Boediono: Indonesia is in need of major reforms
Indonesia still has a long way to go before the country can truly flourish, was the message given by Indonesian Vice President Boediono during his visit to Leiden University on 26 March. He viewed collections in the University Library and the Hortus, and was presented with the William of Orange medal for his efforts for equal rights.
Structural reforms needed
The Vice President gave a frank analysis of the situation in his country. The Indonesian press was present, with a camera team and journalists from radio and national newspapers. Indonesia is the largest economy in South-East Asia and has experienced strong growth in the past decade. Much progress has been made, but major reforms are still needed, in Boediono's opinion. 'Will we succeed, or fail?' he wondered. He believes the answer rests on three crucial factors: infrastructure, human capital and institutions. All three are still faltering. The country has to invest urgently in energy, transport, communications, water and sanitation.
Boediono stressed the importance of education: ‘Education is the key.’ There are big differences in quality between schools and teachers, he went on. The government is already improving education with salary injections, teacher programmes and new curricula. However, the economic transformation can only be sustained if political parties, bureaucracy and the legal system are also reformed. Not only that, Boediono stressed, we need a strong ‘civil society’ and media that will make sure the public is well informed.
After the talk, Leiden PhD and master's students posed some critical questions. 'Is Indonesian democracy only for the rich?' asked Nanda Ernanda. Candidates need a lot of money to be able to run their campaign, which can easily give rise to corruption. Boediono acknowledged the problem but believes that the tide is turning. Running a campaign has, in his view, become easier thanks to the use of social media. Ingrid Nabubhoga wanted to know why the government doesn't do more to protect minorities against Islamic violence. 'We have done what we could legally do, but maybe that is not enough.' It goes further than that, he commented. What is needed is a cultural change across the whole society: ‘Soft power always prevails over hard power.’ This comment met with applause from the audience.
William of Orange medal
'Does Indonesia regard the Netherlands as a gateway to Europe?' asked Ashwin Ramjiawan. ‘Yes, it does, and that is because of our shared history. The reverse is also true: the Netherlands in turn sees us as a gateway to Asia.' After answering these questions, Boediono was presented with the William of Orange medal by Rector Carel Stolker. Stolker praised Boediono’s contribution to Indonesian democracy and his striving for social and political equality in his country. He also applauded Boediono's ability to bridge the gap between scientific insights and the practice of government. The University has previously awarded the William of Orange medal to such prominent figures as UN Secretary-General Ban Ki-moon.
Rare collection of Indonesian history
Boediono started the day with a visit to the Leiden University Library, which will shortly house the world's largest collection on Indonesia. In the Special Collections reading room he viewed rare books, drawings, photos, maps and manuscripts by prominent figures from Indonesian history and science. The Vice President was evidently impressed. The head of the Library, Kurt de Belder explained that, besides the existing collections, Leiden recently took over the collection of the Royal Tropical Institute (KIT) and that later this year the collections of the Royal Institute for Southeast Asian and Caribbean Studies (KITLV) will also be transferred to the University Library. Most of the collection will be digitised. As a taster of what is to come, De Belder showed Boediono a digital map of his birthplace.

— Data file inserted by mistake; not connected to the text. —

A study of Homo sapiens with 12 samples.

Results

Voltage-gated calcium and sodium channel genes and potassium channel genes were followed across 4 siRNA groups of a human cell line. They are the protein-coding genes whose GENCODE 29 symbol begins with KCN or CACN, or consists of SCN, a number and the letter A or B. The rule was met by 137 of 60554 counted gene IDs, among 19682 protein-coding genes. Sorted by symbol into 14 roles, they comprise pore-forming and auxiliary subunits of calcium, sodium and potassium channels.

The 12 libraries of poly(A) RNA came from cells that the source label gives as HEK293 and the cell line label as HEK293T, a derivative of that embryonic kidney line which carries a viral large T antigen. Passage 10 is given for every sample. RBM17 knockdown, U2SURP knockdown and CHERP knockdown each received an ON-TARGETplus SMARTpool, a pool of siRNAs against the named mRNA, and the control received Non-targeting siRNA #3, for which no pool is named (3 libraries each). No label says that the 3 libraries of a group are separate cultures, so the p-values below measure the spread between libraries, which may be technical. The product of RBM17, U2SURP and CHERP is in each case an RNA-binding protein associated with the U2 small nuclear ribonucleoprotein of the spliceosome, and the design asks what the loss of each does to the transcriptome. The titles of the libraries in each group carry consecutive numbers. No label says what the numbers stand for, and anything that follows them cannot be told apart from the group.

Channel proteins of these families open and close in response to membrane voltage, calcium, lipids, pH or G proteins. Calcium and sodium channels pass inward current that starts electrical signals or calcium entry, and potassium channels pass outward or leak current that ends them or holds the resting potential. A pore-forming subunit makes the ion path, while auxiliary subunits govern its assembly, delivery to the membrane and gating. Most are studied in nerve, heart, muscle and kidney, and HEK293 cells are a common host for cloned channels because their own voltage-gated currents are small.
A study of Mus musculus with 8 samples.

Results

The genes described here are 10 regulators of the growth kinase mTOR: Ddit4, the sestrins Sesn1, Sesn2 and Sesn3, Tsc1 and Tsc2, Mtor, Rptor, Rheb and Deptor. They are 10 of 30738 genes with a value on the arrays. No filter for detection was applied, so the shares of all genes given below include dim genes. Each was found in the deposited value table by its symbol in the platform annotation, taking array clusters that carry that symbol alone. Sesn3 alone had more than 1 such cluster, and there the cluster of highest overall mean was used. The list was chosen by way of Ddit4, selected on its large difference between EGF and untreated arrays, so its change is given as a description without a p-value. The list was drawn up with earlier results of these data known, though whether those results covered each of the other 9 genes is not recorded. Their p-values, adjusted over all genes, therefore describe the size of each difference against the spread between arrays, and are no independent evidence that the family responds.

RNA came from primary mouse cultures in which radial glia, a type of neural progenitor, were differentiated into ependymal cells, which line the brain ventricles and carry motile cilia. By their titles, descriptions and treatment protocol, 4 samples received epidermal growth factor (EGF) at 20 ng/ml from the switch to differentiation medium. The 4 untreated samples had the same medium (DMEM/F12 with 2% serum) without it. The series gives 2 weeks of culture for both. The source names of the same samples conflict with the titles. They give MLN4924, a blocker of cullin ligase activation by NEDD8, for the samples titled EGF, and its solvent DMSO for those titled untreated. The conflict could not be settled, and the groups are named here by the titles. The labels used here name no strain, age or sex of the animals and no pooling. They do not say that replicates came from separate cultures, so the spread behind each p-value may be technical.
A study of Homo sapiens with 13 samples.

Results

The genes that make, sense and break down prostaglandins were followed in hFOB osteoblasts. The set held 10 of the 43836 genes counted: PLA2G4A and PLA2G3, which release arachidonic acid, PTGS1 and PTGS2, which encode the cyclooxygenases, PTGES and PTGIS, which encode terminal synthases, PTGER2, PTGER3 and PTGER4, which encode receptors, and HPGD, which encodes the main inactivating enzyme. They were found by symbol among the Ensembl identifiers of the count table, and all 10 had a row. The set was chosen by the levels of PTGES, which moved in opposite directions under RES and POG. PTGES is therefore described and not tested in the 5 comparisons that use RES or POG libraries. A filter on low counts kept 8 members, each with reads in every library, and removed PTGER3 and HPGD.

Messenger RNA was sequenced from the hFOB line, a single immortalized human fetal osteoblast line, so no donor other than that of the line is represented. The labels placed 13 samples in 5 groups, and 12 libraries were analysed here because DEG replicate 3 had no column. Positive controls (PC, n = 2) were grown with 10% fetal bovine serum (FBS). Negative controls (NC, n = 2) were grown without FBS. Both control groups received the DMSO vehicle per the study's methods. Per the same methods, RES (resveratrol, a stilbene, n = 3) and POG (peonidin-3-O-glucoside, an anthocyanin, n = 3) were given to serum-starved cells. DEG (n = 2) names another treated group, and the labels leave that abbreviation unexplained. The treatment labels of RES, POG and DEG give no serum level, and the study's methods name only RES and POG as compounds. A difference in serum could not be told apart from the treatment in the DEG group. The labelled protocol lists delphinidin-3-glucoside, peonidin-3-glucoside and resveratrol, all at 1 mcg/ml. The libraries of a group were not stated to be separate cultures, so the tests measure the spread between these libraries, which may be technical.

Tour of the Hortus
The Vice President was then given a tour of the Hortus botanicus by the Director of the Hortus, Paul Keßler. They visited the giant Arum lily and flesh-eating plants and orchids that were originally found only in Indonesia, and talked about the historic bond that the Leiden Hortus has with the botanical garden in Bogor. Both gardens continue to exchange seeds and are organising joint commemorative activities in 2015 and 2017.
First Indonesian PhD
At the end of his visit, Boediono unveiled in the Academy Building a bust of Indonesian researcher and governor Hoesein Djajadiningrat, created by sculptor Aart Schonk. Djajadiningrat was the first Indonesian to carry out PhD research in Leiden, and obtained his PhD with honours in 1913. His youngest son was present at the unveiling and afterwards spoke with the Vice President.
Boediono referred to the visit by a delegation from Leiden University earlier this year to universities in Jakarta and Yogyakarta to strengthen collaboration in teaching and research. 'Leiden University remains one of the world's most important research centres on Indonesia. With the take-over of the KITLV, Leiden will have a permanent presence in Jakarta. Ik hope that this is a step on the way to further fruitful collaboration.'The first step on that path was taken straight away: the Rector of the university in Jogjakarta signed an agreement with Leiden for a joint PhD programme in History.
(26 March 2014)
The Asian Challenge is one of the six themes for research at Leiden University.